Colombia Spain Gold
Colombia has requested Spain to return the Quimbaya Treasure, consisting of 433 gold pieces gifted to the Spanish crown in the late 19th century. Credit: Presidency of Colombia

Colombia has formally requested the return of the ‘Quimbaya Treasure’ from Spain through a letter sent by the national government on May 9. This treasure consists of hundreds of gold pieces gifted to the Spanish crown in the late 19th century and is currently housed in the Museum of America in Madrid.

The request for the return of this treasure, considered Cultural Heritage of the nation, was made through a document signed by the Minister of Cultures, Arts, and Knowledge, Juan David Correa, and the Foreign Minister, Luis Gilberto Murillo, addressed to their Spanish counterparts.

The collection comprises archaeological items, including ceramics, goldsmithing, lithic, and organic materials, associated with the Classical Quimbaya period. These items were plundered by local looters and given by the Colombian government to the Kingdom of Spain in 1893.

Colombia asks Spain to return 433 gold pieces

The treasure includes 433 pre-Columbian artifacts made of gold and tumbaga, an alloy of gold and copper. Besides showcasing the sophisticated goldsmithing skills of Native American peoples, the artifacts have been a subject of controversy in Colombia’s political history. President Carlos Holguin gifted this treasure as a ‘diplomatic present’ to the Spanish government, upsetting those who viewed it as part of the nation’s cultural heritage.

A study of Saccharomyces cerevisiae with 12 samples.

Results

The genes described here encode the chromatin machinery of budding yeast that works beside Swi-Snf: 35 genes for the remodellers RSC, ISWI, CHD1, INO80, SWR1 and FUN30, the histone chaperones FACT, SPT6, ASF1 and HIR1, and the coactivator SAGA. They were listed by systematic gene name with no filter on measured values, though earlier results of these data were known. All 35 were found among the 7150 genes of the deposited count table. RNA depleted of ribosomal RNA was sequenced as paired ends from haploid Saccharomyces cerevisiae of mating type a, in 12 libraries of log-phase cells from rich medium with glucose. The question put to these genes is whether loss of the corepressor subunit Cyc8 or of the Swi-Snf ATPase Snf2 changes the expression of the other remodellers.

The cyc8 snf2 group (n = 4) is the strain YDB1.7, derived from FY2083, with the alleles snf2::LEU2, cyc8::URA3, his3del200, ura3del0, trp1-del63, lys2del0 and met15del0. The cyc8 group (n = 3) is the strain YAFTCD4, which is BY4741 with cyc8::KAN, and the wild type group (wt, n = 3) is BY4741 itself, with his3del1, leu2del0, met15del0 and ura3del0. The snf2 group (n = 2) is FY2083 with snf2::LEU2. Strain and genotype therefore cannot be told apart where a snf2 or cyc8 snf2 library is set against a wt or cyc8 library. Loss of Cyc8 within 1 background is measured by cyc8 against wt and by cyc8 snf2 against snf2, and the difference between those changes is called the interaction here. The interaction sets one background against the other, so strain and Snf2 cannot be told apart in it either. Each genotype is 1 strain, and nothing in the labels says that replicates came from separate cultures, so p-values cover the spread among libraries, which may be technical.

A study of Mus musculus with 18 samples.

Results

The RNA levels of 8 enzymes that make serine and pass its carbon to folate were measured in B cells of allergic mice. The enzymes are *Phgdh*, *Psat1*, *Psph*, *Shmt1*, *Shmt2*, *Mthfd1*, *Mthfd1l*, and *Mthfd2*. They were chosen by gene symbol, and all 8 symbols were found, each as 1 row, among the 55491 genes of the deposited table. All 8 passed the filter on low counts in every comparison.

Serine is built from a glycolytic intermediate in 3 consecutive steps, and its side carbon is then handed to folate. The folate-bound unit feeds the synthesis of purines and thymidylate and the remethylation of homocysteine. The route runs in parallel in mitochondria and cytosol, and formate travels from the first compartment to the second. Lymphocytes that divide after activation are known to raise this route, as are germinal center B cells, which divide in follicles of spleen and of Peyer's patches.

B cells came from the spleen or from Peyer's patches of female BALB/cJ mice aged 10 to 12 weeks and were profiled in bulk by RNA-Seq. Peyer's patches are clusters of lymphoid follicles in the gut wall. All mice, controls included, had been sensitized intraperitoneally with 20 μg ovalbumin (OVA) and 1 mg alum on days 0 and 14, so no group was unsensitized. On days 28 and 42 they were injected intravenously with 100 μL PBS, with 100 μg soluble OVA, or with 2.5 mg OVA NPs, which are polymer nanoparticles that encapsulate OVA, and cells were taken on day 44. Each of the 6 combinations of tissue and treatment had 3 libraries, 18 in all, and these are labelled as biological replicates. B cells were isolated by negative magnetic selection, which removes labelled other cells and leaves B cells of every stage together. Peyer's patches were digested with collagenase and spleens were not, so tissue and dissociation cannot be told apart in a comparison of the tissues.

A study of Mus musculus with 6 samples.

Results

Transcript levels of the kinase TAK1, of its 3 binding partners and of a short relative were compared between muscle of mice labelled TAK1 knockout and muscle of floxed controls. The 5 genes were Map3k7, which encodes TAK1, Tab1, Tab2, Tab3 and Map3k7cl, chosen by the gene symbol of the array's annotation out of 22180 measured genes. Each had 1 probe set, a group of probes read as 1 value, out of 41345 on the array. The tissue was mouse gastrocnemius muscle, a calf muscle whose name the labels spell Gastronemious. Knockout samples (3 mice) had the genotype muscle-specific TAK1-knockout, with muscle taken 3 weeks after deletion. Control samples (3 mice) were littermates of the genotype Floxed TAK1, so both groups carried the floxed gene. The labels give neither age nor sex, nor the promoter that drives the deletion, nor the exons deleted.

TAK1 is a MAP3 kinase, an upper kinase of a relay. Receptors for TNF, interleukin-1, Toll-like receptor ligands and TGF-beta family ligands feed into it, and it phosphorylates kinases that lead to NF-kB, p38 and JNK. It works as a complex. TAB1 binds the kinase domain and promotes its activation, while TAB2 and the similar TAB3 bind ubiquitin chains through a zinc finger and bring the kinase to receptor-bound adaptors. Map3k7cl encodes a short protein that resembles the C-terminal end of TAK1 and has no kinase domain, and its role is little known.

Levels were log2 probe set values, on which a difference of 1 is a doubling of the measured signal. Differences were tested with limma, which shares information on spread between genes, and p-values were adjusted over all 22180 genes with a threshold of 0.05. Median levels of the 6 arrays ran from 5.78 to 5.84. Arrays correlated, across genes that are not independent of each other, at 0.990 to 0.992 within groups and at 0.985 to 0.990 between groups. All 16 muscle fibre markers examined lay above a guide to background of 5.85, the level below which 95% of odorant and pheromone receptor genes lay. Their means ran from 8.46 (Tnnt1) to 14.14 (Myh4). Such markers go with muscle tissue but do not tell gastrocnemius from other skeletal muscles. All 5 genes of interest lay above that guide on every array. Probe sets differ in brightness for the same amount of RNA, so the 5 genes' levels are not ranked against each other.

The letter acknowledges the efforts made by Spanish authorities to conserve and protect these pieces. It further mentions that “this gesture, and its desirable outcome, fall within international models regarding museum decolonization policies.”

The letter concludes that the return of these gold pieces will have invaluable implications by “vindicating cultural sovereignty, recognizing the cultural rights of peoples, and the comprehensive management of cultural collections. Therefore, we are willing to support any procedures and costs associated, should the Spanish authorities require it.”

What is ‘museum decolonization’?

In January 2024, Spain’s Minister of Culture, Ernest Urtasun, proposed a project to “decolonize” national museums, joining an initiative by the International Council of Museums. This involves returning heritage objects, acquired during the colonial era and currently displayed in museums, to their countries of origin. In Spain, this will initially affect the Museum of America and the National Museum of Anthropology.